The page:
Psychologist Erich Fromm called it the flight from freedom. Philosopher Martin Heidegger called it inauthenticity, and a denial of the nothing. Philosopher Emile Cioran calls it the desire for lyricism and the desire for sleep. Whatever it is, it is the state in which one accepts a certain kind of determinism as the framework or guiding principle of one’s life. It is a terrified giving over of one’s subjectivity, with its accordant freedom, in exchange for a psychological protection from choice and for the illusion of certainty. But back to Emile Cioran.
Emile Cioran (1911-1995) did not sleep well. French by nationality, he was Romanian by birth, and spent a good deal of his youth struggling with insomnia. Many sleepless nights were passed wandering around the hollow streets of an obscure Romanian city. Cioran moved to Paris in 1937 and began writing aphorisms after the style of Friedrich Nietzsche. The aphoristic method, clumps of sentences separated from each other by the negative space of abyssal blanks, suited him perfectly. After all, sleeplessness is a kind of subjectivity, where subjectivity is the state of struggle of one who is alive within time; one is oneself forever and knows it. Sleeplessness is like the bare and violent introspection of the aphorism. "Three in the morning. I realize this second, then this one, then the next: I draw up the balance sheet for each minute.” This is the opposite of lyricism.
Emile Cioran, with Theodore Adorno, understood lyricism, the comfortable explanatory arc of the novel of plot of cadence, as a kind of sleep. The Volk of post-war Germany wanted sleep in a way similar to the worship of celebrity and the pageant in our own day. Lyricism denies subjectivity. It denies the raw experience of “three in the morning.” It wants to smile and turn over in its bed, blissful and unmolested. When one is caught up, asleep, in the plot, poem, or play, there is no awareness of uncertainty. Sleep is subdued in dreams. Awareness is undermined, making subterranean the living self. Sleep is what everyone wants, even as Erich Fromm said that people fear freedom. Yet, according to Cioran, even in the narrative parabola of the novel something is left out. It is that something to which he goes.
Emile Cioran is in opposition just a an aphorism demands opposition – the silent space demanding us to judge, to agree, to disagree, to oppose. The noisy facts of life narrated lyrically one after the other mask silence. Cioran points incessantly to the silence behind the noise, the silence of that white space between the clumps of sentences. Students study, reviewers review, writers write, and readers read in the hope of avoiding this, but Cioran does not want to avoid it. "Insomnia sheds a light on us which we do not desire but to which, unconsciously, we tend. We demand it in spite of ourselves, against ourselves."
What is needed is not the lyrical comfort of sleep, but the cold brace of the challenging aphorism. Novels have long lost the ability to mask the metaphysical poverty of the West. What is needed is waking up into lucidity and the intensity of lucid consciousness. "The ideally lucid, hence ideally normal, man should have no recourse beyond the nothing that is in him." What is needed is to go forward anyway, to walk maimed, to admit illness.
Cioran's use of the dualistic awareness which attends illness is quite interesting. He made a connection between the polarities of lyricism/aphorism & sleep/awake with that which exists between sickness and health. The healthy, he said, keep a certain distance from "contradictory and intense" states, while the sick realize their quarantine. They are tangibly aware of the separation between the hyper-active mind and the feeble abilities of the body, yet remain one in their person. They coincide with themselves, despite the inner contradiction. They brood and fuss over the contradiction, but in so doing become aware in the moment and choose vitality. Sickness increases self preservation, and this is exactly the way the West must go.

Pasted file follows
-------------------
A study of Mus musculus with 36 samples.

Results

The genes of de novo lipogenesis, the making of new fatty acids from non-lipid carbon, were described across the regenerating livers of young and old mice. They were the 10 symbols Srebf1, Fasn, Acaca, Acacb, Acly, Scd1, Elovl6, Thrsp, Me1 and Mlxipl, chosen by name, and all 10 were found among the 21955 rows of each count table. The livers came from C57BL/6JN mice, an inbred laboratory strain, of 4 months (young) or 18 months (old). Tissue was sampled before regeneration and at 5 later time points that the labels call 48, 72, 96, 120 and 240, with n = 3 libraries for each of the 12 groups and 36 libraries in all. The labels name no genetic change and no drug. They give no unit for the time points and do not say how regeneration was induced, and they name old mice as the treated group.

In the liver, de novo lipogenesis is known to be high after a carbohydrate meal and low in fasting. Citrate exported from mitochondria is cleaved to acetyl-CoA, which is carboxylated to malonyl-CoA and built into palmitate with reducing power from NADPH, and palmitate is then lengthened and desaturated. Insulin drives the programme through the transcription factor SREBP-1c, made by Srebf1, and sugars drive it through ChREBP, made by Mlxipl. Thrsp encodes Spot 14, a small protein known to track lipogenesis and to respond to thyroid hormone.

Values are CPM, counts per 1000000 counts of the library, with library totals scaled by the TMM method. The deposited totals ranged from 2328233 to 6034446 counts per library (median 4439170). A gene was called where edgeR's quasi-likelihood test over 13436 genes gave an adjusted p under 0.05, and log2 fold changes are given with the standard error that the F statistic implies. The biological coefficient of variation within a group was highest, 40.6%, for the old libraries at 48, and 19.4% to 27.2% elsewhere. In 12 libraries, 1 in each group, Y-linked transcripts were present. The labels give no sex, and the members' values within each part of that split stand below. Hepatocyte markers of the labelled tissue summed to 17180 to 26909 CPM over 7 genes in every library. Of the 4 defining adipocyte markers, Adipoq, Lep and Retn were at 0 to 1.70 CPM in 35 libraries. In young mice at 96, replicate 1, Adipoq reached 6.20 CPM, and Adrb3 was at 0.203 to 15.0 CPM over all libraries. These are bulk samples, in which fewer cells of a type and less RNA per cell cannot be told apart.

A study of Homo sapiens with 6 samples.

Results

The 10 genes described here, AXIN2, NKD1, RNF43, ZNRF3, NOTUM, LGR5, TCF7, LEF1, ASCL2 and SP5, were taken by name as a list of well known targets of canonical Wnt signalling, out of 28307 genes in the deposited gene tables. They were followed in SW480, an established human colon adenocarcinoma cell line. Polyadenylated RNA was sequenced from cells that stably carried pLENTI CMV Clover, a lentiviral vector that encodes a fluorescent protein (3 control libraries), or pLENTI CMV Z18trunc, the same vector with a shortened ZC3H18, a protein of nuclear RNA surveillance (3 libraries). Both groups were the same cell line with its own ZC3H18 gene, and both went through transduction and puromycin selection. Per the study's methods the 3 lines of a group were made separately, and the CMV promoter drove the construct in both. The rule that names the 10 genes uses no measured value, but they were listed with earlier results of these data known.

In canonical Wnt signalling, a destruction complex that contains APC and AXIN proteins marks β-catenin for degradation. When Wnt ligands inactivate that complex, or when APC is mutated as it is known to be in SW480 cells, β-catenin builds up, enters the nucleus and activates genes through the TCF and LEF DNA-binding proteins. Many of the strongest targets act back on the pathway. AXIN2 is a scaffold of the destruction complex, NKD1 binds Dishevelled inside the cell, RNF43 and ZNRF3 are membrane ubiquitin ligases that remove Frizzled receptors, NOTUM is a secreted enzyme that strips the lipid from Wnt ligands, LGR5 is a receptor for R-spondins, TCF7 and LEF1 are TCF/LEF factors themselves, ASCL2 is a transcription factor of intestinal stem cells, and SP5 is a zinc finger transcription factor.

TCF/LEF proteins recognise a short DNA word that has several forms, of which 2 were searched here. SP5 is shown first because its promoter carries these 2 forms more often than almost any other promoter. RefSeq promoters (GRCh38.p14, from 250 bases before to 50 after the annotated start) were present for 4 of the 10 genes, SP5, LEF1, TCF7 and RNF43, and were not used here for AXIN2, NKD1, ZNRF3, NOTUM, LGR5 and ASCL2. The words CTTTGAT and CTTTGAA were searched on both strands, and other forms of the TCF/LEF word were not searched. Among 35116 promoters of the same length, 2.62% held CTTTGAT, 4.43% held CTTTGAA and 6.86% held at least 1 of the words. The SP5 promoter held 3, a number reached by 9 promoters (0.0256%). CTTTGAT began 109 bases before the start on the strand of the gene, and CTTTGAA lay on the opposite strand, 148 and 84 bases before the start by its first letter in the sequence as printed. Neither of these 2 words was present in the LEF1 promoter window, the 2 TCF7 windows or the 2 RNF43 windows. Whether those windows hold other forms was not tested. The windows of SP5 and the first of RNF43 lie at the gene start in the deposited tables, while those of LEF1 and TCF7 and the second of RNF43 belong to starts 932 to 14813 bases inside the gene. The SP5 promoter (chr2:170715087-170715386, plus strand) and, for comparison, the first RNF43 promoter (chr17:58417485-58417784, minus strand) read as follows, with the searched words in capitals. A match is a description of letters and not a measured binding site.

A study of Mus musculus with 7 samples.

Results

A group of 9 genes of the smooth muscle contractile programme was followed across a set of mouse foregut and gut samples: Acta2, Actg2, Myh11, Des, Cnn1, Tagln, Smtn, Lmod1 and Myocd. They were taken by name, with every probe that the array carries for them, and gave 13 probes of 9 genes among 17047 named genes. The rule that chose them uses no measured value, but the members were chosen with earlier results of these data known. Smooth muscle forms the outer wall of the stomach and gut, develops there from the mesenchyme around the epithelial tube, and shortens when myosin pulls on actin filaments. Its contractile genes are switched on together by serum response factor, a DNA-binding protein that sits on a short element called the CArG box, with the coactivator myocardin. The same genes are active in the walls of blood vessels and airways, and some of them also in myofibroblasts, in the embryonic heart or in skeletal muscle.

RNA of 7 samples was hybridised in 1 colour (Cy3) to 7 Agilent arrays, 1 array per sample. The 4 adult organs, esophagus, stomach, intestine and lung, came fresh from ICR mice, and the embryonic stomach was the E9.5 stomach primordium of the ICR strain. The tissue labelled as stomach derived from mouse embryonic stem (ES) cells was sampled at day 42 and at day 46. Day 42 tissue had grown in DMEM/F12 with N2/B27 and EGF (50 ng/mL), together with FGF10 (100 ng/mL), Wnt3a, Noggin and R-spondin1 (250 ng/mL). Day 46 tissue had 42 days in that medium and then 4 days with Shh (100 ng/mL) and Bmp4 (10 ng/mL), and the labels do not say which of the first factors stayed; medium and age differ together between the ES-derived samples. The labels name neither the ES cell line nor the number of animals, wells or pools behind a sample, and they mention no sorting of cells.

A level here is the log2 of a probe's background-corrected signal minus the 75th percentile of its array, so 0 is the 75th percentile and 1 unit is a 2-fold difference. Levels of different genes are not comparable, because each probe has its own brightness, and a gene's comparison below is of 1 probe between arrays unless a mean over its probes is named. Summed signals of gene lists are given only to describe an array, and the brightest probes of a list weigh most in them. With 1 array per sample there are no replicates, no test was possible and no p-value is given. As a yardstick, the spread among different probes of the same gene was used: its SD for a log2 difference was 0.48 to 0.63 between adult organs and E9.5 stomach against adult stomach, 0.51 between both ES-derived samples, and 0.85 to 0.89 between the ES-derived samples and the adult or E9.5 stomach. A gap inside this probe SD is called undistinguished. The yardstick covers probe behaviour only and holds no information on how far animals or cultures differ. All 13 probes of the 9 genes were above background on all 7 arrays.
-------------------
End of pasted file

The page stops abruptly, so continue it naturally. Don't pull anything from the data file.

The West, and, for the purpose of this post, the human beings within it, must go sick into daily life. It must go lamed. It must go in opposition. It must go awake and aphoristic in the absence of any comfortable narrative arc. Naivete must dissolve into complexity, a complexity which does not extinguish joy (lyricism and aphorism can neither one be wholly accepted or abandoned) but makes it exist in irony, in tragedy, in, perhaps, wisdom. Cioran wrote: “Illusion begets and sustains the world; we do not destroy one without destroying the other. Which is what I do every day. An apparently ineffectual operation, since I must begin all over again the next day."
What Cioran does, then, along with many others, including those cited in the opening paragraph of this article, is point the way forward toward the nakedness of freedom. Unlike materialists, like Fromm, Heidegger, or Cioran, Christians trust a God of promise and providence. Yet, we cannot use faith as an excuse for sleeping. We, too, are called to be awake. We, too, are called to be maimed and sick. We, too, are called to be children of the tree of the knowledge of good and evil, even as we begin to taste the firstfruits of the tree of life.
The above depends to an incredible degree on the following article: Stephen Mitchelmore, “To Infinity and Beyond” Spike Magazine Accessed September 15, 2005. Other websites for Emile Cioran are Wikipedia's entry on Emile Cioran and Planet Cioran.
Emile Cioran; freedom; subjectivity; anthropology; Theodore Adorno; awareness; sleep; phantasie; consciousness; nakedness; Erich Fromm.